Kettering police officer Jonathon McCoy shot and killed Jason Hoops, 33, of Fairborn after a traffic stop of his gray Ford van Sunday evening near Craig Drive and East Bataan Drive.
“I’m very proud of the way they handled the situation,” Kettering police Chip Protsman said during a Monday press conference about his officers’ response to the shooting and investigation. “They are a tremendous group of women and men who do things very professionally and handle things very well.
“It is a tragic event, something that happens in law enforcement, obviously, from time to time. We are concerned about the officer who was involved, to make sure that his well-being is good. We’re also concerned about the victim’s family.”
Here’s what we know now about the shooting:
The deceased: Hoops’s vehicle was stopped by McCoy at 6:36 p.m. Sunday, but Protsman didn’t say what the traffic stop was for during a Monday morning press conference.
Hoops was shot about three minutes later, according to Protsman. The incident report states, “Suspect failed to comply with verbal orders.”
Protsman also said McCoy told dispatchers that Hoops still had a firearm in his pocket after the officer shot.
“The cop was out with his big rifle,” witness Ashlei Back told this news organization. “And he was yelling, ‘Get down.’ Everything just happened really fast.”
Dispatch traffic indicated Hoops suffered a gunshot wound, but the Montgomery County Coroner’s Office did not elaborate on how many times he was hit or the cause or manner of his death.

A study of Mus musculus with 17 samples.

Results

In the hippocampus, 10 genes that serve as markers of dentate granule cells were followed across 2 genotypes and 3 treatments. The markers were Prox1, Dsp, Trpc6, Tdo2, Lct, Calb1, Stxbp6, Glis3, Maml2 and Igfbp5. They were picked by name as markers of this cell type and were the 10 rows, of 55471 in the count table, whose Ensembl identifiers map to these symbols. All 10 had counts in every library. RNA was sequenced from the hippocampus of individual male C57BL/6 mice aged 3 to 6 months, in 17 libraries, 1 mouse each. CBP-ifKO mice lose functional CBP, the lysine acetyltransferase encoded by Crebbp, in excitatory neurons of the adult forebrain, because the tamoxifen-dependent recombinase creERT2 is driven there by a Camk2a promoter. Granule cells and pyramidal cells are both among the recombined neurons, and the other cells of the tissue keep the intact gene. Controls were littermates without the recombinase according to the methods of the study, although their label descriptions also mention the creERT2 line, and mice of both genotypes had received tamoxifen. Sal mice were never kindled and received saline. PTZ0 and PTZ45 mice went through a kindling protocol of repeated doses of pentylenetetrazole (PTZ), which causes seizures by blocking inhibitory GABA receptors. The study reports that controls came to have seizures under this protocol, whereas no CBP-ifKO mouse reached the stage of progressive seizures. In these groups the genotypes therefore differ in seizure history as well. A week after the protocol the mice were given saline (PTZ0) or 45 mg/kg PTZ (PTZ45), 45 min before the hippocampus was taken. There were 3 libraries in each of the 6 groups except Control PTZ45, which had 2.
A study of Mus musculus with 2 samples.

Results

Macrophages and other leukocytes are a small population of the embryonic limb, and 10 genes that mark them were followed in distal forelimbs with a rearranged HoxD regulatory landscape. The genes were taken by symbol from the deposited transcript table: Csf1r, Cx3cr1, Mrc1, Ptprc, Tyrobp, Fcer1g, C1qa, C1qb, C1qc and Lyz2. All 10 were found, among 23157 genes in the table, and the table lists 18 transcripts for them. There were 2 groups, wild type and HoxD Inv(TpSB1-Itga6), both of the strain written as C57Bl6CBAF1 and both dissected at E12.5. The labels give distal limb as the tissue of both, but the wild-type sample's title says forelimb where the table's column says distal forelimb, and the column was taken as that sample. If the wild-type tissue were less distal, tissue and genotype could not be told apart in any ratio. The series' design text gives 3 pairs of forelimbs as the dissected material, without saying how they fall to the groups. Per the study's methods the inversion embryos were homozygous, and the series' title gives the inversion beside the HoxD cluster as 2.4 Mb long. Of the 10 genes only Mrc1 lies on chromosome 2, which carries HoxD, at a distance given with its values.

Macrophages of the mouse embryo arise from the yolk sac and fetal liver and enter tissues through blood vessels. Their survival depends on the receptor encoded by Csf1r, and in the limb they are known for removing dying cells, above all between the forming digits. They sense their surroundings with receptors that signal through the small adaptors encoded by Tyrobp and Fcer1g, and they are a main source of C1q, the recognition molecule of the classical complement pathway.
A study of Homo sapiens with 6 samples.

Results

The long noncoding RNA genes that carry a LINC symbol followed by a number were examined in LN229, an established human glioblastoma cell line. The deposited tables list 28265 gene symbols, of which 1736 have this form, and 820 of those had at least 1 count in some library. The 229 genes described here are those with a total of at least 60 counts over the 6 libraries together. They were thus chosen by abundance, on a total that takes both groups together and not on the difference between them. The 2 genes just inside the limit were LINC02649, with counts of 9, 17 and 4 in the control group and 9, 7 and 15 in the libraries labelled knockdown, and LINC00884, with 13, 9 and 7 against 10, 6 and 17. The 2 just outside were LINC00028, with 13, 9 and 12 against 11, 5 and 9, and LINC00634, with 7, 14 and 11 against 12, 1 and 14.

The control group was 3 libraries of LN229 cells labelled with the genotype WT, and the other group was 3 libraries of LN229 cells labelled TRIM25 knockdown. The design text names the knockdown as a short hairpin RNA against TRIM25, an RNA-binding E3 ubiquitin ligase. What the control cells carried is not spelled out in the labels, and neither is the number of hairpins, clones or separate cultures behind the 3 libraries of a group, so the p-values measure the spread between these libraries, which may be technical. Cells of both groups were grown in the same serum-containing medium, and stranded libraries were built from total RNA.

The Montgomery County Coroner’s Office confirmed staff arrived at Miami Valley Hospital on Sunday night to collect Hoops’ body.
Hoops had two 2009 felony convictions in Greene County Common Pleas Court for assault and possession of controlled substances.
The officer: Protsman said, per policy, McCoy has been placed on administrative leave. The chief said it was the first time McCoy has fired has service weapon while working for Kettering.
McCoy has been with the Kettering police department since May 2015. He also worked as a full-time officer at the University of Dayton from December 2012 until May 2015 and as a part-time officer with Cedarville from November 2013 to May 2015.
Protsman said McCoy is a “very good officer” who is “well-liked” by the department and community. McCoy is a member of the SWAT team and a bicycle officer.
His personnel file has been requested by this news organization. Protsman said McCoy had not yet been interviewed by investigators.
The investigation: Protsman said at 6:38 p.m. Sunday, McCoy called for additional assistance and at 6:39 p.m., the officer said shots were fired and requested a medic.
McCoy told dispatchers, “One down, he still has the firearm in his pocket.”
At 6:41 p.m., additional officers arrived and administered first aid until medics from the Kettering Fire Dept. arrived. They transported Hoops to the hospital.
Protsman said requests for cruiser camera footage will be handled by the city’s law office. The chief said that when he reviewed the cruiser cam, two passengers inside Hoops’ vehicle were “begging and pleading for this individual to not touch the gun and to respond to the commands that the officer was giving to him.”
Protsman said he wouldn’t answer where Hoops’ gun was when McCoy fired or how many times his officer fired. The chief said he didn’t believe the two other people in Hoops’ vehicle were facing criminal charges.
Protsman said Ohio’s Bureau of Criminal Investigation (BCI) will handle the evidence, but that his department will handle both the criminal and internal investigations.